Often when meeting with a family after the loss of a loved one to plan a life celebration a family member will often say, “I don’t know how you do this when you didn’t know the person.” Or “How do you do this every day being with grieving people?”
When planning a life celebration, the key is listening to the people who are sharing thoughts, feelings, and reflections of their family member. To have a life celebration that truly reflects who the person was, how they lived and loved, helps the family to heal. One never really stops grieving a loss, it doesn’t get easier, it softens as time moves forward. It’s not actual or physical time that heals the pain it’s the love and friendship of those around you.
Sometimes I help create a life celebration for a person who I didn’t know or at times I have known the person. It’s a matter of taking everything you have learned or known about them and putting a life story together. Taking the moments of a person’s life whether they were twenty or ninety or somewhere in between and putting the story together. Their story is personal and heartfelt it’s not generic or canned, its one of a kind and it deserves to be told.
It is often said that it takes a special person to do the job you do. Every person whether it be a funeral celebrant, a nurse, doctor, clergy person, etc., each person is special. More often than not a profession picks the person and not the other way around. To be honest there are people who from a very young age know what they want to be when they grow up and some find their way as they go through life. A child is often asked what they want to be when they grow up and their answer is a doctor, an astronaut, lawyer, nurse, policemen or some may answer someone who helps others in some way.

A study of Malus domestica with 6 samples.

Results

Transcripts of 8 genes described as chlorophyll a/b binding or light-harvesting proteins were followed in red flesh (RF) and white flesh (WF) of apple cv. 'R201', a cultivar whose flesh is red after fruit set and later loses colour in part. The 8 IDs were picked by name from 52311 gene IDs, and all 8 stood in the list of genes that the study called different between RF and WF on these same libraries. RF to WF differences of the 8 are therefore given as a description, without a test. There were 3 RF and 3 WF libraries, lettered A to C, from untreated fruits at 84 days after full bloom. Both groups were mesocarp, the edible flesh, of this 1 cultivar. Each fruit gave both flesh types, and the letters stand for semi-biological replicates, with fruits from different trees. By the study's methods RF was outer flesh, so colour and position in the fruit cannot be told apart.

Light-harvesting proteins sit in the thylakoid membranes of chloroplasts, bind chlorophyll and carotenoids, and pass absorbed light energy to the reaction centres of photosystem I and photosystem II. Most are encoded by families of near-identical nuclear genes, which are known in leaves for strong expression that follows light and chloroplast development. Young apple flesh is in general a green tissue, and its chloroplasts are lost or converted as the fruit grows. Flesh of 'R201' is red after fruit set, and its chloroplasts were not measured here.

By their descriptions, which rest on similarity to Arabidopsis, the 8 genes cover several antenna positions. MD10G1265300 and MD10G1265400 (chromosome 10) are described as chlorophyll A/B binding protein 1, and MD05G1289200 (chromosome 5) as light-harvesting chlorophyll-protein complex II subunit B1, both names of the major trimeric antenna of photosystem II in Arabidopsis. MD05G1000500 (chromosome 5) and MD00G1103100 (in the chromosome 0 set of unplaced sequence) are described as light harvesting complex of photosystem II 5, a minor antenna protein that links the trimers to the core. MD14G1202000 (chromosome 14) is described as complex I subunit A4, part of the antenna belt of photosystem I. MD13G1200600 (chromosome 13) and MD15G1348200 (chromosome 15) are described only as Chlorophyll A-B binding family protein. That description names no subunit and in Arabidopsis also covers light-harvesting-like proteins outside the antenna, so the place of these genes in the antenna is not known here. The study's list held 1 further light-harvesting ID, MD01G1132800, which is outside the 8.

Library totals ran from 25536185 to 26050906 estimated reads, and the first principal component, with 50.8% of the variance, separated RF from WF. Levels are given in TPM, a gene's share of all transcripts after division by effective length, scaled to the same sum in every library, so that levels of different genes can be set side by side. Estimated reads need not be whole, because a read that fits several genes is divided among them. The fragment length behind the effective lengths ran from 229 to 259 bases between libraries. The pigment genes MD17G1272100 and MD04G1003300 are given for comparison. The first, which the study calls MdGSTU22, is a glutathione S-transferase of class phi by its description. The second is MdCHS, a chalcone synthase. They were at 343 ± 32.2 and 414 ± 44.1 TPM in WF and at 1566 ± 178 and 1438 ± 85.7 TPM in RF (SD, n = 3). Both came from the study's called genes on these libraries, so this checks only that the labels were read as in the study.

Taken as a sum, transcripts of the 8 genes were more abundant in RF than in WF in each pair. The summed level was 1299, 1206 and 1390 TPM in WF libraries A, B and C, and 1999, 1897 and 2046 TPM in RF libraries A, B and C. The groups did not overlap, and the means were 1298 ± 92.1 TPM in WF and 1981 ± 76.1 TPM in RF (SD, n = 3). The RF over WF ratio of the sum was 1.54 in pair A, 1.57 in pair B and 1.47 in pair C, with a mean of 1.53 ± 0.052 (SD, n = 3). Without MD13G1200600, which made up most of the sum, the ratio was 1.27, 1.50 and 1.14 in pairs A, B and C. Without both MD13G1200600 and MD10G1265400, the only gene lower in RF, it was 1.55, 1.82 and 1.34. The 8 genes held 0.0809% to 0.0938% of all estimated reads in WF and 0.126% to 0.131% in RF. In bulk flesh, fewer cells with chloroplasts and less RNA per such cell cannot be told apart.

When I was asked the question, I said a garbage man, I knew at young age it was a service that needed to be done and why not. Even then I knew I wanted to do something different then what everyone else wanted to do. As I look back in life, I realize now I was being prepared for what I do today, helping others through a difficult time, showing compassion, sensitivity, and caring.
How does this answer the question above, “How do you do this every day being with grieving people?” The best possible answer is this knowing I have sat with one in grief and listened carefully and helped them on their journey is what matters most. At the end of each day, it isn’t about me it’s about the families we serve.